Whernside - Yorkshire Dales
Sun 28th April 2013
Not just the first ‘away day’ of the year, but the first ever.
We have a great loyal group of Shepherds Walkers who we take out throughout the year week on week and to date all our ‘day walks’ have been in the North East.
I have also walked extensively in many other places and the Yorkshire Dales is one of my favourite places, especially the famous Three Peaks. I have walked these many times with friends and family over the past 20 years, so what better location to start our ‘away days’.
We planned to do one of the three peaks every other weekend and looking at bookings to date we had made the right decision.
As I arrived into Ribblehead at 10.00 am the weather was not the greatest. Sharp showers blew across and looking up to Whernside itself, it looked like it was going to be a blowy affair.
After meeting up with the rest of the group I quickly realised it was going to be a good day. We had some great characters and everybody gelled very quickly which was just what we needed for our climb up the highest peak in the Yorkshire Dales.
We skirted along the side of the Ribblehead viaduct and walked along the edge of the Settle to Carlisle Railway before crossing over the top of it to start the ascent. The path is great underfoot and the group managed brilliantly with a great atmosphere running throughout.
As many of us had started off very early that morning we stopped for lunch just after 12.00, with this also being just before we joined the long ridge walk to the summit. It was thought that a sheltered spot, in the now glorious sunshine, was just what the doctor ordered. It was a great sun trap as we sat behind the broken down stone wall.
After lunch the real climbing started but the whole group worked well as a team. They all had total respect and cared for every single member of the group and therefore the climb was broken up with some great conversations and debates. It was not long before reached the summit.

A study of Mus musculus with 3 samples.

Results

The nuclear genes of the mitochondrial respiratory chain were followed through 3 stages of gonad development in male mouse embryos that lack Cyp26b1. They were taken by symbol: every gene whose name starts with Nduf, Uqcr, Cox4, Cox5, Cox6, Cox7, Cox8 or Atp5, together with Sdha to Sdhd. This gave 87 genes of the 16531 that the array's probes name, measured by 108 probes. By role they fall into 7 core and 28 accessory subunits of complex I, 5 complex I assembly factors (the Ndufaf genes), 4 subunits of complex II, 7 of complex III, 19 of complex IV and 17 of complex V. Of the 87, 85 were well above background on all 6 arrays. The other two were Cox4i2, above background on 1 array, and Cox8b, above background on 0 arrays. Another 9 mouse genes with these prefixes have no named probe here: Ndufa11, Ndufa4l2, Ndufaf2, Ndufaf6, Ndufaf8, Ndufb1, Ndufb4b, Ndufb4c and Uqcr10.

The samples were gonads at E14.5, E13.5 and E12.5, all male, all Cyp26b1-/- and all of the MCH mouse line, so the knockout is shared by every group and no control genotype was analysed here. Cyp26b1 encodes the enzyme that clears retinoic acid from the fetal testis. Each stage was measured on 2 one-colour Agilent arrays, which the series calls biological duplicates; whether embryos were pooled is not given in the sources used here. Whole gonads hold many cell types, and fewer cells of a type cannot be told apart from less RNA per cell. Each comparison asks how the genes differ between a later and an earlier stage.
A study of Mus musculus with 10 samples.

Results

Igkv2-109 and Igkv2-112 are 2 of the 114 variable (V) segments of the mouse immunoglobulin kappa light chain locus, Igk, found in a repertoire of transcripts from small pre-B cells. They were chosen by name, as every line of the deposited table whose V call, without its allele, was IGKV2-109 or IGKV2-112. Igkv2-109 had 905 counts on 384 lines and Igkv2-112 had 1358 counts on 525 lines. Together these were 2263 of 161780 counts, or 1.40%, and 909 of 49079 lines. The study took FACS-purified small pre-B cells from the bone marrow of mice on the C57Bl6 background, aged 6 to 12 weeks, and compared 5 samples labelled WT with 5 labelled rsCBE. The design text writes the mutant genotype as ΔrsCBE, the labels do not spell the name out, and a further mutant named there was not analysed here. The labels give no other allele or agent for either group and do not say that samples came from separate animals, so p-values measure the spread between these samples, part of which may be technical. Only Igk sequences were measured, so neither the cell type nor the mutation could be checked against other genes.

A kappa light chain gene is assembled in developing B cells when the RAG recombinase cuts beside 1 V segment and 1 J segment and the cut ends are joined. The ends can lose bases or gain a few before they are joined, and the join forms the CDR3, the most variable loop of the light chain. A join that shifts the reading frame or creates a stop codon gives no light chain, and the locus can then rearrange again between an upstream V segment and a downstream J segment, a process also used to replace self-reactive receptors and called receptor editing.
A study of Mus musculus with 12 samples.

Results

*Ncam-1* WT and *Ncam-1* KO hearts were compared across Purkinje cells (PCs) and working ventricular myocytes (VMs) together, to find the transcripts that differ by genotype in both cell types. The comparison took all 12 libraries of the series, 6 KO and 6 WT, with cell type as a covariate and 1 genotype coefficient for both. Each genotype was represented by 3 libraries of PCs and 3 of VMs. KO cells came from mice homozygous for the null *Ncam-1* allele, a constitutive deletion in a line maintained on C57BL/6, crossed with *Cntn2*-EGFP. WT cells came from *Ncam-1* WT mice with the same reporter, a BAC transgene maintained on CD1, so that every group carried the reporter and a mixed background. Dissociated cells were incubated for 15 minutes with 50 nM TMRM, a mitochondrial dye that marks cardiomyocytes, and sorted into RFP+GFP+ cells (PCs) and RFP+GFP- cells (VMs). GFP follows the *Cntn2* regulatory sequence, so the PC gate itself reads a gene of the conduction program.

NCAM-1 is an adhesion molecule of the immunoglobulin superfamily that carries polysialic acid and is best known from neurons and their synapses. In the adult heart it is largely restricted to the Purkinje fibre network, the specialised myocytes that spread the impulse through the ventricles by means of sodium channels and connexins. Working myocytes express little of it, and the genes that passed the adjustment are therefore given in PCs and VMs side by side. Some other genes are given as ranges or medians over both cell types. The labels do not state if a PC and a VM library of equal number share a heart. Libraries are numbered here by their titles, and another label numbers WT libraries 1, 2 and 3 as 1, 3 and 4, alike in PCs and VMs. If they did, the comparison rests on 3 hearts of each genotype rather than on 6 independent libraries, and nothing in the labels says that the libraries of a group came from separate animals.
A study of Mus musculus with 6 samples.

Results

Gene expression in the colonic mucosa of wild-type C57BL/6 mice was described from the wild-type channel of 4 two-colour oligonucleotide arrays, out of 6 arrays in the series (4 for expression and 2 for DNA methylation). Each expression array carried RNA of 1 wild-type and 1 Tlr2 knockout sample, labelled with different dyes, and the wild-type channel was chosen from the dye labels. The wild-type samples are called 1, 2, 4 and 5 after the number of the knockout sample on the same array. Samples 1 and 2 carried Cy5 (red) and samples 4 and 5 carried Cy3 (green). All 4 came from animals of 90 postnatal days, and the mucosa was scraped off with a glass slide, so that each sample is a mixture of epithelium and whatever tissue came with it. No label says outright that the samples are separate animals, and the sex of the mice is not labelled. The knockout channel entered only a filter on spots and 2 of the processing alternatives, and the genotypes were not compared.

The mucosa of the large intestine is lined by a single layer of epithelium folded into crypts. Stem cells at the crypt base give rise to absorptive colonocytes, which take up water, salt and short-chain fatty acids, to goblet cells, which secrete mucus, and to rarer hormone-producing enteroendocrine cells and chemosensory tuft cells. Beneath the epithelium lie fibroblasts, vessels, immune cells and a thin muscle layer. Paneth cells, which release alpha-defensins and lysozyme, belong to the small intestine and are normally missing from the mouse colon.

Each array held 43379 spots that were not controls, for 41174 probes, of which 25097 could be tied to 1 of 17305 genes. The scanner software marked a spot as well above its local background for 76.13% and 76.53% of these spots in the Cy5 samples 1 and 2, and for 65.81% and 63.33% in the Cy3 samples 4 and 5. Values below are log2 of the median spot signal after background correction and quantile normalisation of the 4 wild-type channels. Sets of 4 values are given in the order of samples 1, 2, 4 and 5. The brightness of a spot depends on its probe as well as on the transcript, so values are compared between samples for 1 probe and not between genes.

The summit shot, at the top of Whenside (all 2515 feet of her) was a must and we spent a good 15 to 20 minutes savouring the moment and enjoying the views on what has turned out to be the ideal day on the weather front.
As we started our decent the path did get steeper and it was just a case of taking our time and looking back on the great achievement the group had made.
After dropping back down to the valley floor we passed through some beautiful farmland appreciating the newly born lambs and discussing the qualities of the different breeds as we came across them.
A few moments was taken as we passed under the Ribblehead viaduct to really take in the true engineering and sheer scale of this stunning construction.
Back at the cars we said our farewells and I believe a real day to remember for many of group had really been had.
I think I should get out of the office more often; this is what Shepherds Walks is all about. Looking forward to leading the walk up the next one - Pen-y-ghent in two weeks time already.